Tips and Tricks

This page contains some tips and tricks for preparing your proposal.

Doing polarimetry

The Polarimetry Observer’s Guide includes a description and capabilities of the various modes, how to construct a proposal, use the PIPT to define polarimetric observations, calibrate and analyze data using the polsalt pipeline. Additional detailed description on the polsalt pipeline can be found in the Github Wiki:

Calculating the Position Angle (PA) for longslit observations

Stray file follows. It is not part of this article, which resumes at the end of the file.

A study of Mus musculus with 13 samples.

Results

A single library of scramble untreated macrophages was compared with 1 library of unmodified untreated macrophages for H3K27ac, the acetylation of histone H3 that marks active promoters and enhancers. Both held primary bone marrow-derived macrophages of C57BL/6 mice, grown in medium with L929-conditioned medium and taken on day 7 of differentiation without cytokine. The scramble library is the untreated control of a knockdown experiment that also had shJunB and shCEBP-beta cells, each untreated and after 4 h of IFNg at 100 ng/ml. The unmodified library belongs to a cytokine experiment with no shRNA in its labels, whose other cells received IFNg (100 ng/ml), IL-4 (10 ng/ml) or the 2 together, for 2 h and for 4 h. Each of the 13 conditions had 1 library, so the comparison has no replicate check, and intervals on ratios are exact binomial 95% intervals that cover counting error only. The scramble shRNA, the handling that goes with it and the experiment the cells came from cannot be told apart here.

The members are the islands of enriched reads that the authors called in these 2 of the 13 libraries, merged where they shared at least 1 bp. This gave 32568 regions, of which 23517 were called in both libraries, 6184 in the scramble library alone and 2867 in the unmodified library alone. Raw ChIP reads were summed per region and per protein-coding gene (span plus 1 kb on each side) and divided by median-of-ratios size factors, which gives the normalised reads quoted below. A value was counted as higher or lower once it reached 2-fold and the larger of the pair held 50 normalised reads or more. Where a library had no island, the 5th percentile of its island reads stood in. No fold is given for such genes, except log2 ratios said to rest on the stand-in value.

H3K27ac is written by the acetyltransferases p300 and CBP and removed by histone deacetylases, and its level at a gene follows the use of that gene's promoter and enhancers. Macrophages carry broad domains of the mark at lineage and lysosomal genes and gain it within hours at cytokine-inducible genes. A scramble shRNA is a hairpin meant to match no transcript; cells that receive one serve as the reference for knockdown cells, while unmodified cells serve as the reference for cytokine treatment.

It is common to request a specific PA for longslit observations, e.g. to ensure a reference star is on the same slit as your object or to investigate sptially resolved emission from extended sources. Some observers will want the parallactic angle to maximise the throughput and this can be specified at SALT with a checkbox in the PIPT. Otherwise, choosing a PA is best done by downloading imaging that has a good world coordinate system, e.g. SuperCOSMOS Sky Surveys, and loading this up in a FITS viewer such as ds9. Some care is needed when calculating the PA, to illustrate this we use ETHOS1 as an example of an extended source, a planetary nebula with two jets. The accompanying image shows the SuperCOSMOS B_J image with the desired position of the slit drawn with the ‘line’ region tool of ds9 (choose ethos1-300x141Region menu->Shape->Line and then click and drag your mouse in the image to draw the line). Regions are used to annotate images as well as several other powerful capabilities in ds9. The line properties are accessed by double clicking on the line, bringing up a dialogue box (as seen in the image). It is essential to select WCS (fk5) for the PA calculation to be correct. Now, the PA is measured anticlockwise from North, where N=0 degrees. The angle given by the line in this example is 56 degrees in the conventional sense where West = 0 degrees. So to find the PA we add 90 degrees to get PA=146 degrees. Be aware that depending on how you draw the line, the angle may be 180 degrees more. It is also good practice to only specify non-negative PA. To check your new PA you can use the finder chart tool to see if the PA you’ve calculated seems reasonable.